Pilot season must feel like Christmas to TV aficionados and executives, and with the changing landscape of the medium, radically different and more daring programming can find a home on streaming services, HBO, FX - anywhere that'll buy it. But every season, network executives inevitably come down with a serious case of buyer's remorse.
For whatever reason, be it the content too controversial or sub-standard, some shows never find an audience. There's no particular rhyme or reason why certain shows don't find an audience, but executives are numbers guys, and if Nielsen ratings don't spell success, the shows are quickly pulled from the primetime line-up.
Other shows come off as tone-deaf, not echoing the social and political morays of their time.
Even further down the rabbit hole, some of these pilots have crackerjack premises, but ultimately fail to sing when shown to the general public.
All these reasons, and more, amount to why the following shows lasted only a few episodes or broadcast none at all. Some never made it that far into production. But we certainly wish they did
Here's just a handful of shows that, for whatever reasons, just didn't work out.
10. L.A. Confidential Almost Happened...Twice
L.A. Confidential was successfully adapted into a feature film by Curtis Hanson and Brian Helgeland in 1997, excising or condensing the novel's epic scope and whittling it down to its core. Even author James Ellroy, who at that point had seen his work butchered on the big screen, praised the adaptation and shepherded the project in his own creepy, creepy way (he would call star Russell Crowe and leave unusual poems on his answering machine).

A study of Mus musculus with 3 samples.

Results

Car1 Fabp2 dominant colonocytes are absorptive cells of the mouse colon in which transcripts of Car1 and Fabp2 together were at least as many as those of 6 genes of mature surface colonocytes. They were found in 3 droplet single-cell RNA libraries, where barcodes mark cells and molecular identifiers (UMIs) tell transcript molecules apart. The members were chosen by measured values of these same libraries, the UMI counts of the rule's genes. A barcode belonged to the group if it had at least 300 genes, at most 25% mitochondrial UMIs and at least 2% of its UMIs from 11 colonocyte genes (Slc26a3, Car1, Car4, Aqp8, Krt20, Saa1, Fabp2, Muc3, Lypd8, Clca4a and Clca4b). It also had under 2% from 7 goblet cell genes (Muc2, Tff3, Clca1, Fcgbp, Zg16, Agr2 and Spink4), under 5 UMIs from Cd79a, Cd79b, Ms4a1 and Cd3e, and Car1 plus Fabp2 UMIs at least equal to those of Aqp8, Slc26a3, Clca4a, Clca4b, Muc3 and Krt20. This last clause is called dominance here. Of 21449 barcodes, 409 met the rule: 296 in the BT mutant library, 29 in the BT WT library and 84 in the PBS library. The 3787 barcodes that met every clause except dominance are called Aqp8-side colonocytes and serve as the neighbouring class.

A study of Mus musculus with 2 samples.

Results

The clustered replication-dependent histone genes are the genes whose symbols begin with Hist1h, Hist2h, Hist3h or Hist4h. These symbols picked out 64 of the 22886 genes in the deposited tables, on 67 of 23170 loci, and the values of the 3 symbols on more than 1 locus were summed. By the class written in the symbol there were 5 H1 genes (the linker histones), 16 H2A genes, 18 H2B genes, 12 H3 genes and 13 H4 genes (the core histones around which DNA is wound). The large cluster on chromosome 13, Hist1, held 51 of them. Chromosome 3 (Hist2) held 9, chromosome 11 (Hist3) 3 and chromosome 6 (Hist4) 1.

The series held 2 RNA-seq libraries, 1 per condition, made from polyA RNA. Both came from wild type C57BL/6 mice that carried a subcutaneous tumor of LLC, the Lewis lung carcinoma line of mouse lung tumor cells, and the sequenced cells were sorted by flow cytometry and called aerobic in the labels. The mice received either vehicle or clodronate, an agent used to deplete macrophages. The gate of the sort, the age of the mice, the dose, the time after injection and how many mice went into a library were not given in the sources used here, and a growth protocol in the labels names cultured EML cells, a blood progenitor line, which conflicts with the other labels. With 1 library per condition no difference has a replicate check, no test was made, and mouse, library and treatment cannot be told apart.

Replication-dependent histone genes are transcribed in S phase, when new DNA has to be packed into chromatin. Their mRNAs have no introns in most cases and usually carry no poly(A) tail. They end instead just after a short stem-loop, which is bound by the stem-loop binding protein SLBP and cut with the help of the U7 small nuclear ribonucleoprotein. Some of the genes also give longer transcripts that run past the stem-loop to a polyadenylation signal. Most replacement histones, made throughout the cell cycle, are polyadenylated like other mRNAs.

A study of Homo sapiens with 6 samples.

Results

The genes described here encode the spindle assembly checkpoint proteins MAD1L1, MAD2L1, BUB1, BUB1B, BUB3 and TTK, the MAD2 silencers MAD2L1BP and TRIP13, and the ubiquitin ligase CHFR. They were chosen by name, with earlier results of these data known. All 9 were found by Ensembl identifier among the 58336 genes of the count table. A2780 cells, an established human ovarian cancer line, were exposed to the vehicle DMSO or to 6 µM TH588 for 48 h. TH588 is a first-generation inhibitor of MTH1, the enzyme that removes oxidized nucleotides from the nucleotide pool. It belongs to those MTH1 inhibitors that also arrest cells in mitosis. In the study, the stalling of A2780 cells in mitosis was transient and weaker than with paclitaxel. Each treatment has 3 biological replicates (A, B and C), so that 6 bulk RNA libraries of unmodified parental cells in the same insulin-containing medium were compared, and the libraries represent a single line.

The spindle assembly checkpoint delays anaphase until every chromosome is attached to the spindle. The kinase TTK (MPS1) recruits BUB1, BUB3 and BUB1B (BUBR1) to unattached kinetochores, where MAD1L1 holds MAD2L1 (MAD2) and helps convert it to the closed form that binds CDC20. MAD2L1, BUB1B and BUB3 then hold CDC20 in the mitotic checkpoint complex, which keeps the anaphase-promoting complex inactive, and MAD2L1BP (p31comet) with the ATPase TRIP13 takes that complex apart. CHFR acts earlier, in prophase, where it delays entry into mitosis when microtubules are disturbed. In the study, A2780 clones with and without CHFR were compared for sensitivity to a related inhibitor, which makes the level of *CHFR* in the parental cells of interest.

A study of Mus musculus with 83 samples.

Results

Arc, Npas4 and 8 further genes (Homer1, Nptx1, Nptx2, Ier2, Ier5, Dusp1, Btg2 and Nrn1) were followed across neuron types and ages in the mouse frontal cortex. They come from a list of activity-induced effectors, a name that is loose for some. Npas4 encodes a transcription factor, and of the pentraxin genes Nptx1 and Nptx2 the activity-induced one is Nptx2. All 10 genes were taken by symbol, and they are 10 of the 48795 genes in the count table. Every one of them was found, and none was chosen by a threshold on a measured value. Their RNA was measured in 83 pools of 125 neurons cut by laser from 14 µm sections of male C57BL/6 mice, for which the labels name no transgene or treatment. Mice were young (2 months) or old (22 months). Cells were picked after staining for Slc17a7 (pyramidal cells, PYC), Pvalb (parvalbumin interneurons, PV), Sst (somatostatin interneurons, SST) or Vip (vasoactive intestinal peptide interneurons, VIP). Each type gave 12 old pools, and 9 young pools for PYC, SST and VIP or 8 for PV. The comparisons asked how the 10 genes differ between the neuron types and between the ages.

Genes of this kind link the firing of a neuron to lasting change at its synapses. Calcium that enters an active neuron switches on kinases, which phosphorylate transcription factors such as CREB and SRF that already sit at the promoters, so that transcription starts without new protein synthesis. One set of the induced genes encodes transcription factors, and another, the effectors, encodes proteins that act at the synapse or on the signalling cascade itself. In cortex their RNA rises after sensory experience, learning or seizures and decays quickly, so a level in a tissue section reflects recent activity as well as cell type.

Six years after the film's success, a television pilot was ordered starring Kiefer Sutherland as Jack Vincennes, the role originated by Kevin Spacey. It was never picked up, but the episode is available on the two-disc DVD edition of the film. In fairness to networks who rejected it - the pilot doesn't quite gel, despite offering up more subplots from the novel to delve into.
Two years ago, it had another shot at television when CBS announced it was going to shoot a new pilot with Walton Goggins as Vincennes and character actor Shea Whigham as corrupt cop Dick Stensland.
Despite a promising cast, the network pulled the plug on it before it even began. But it definitely appeared to be moving in the grittier direction more in line with Ellroy's prose. Still, CBS is a bit of a warning sign - a network that exists primarily to continue to run shows only your parents watch.
It seems just as Hanson and Helgeland had condensed the novel's sprawling narrative, the networks had difficulty expanding upon it.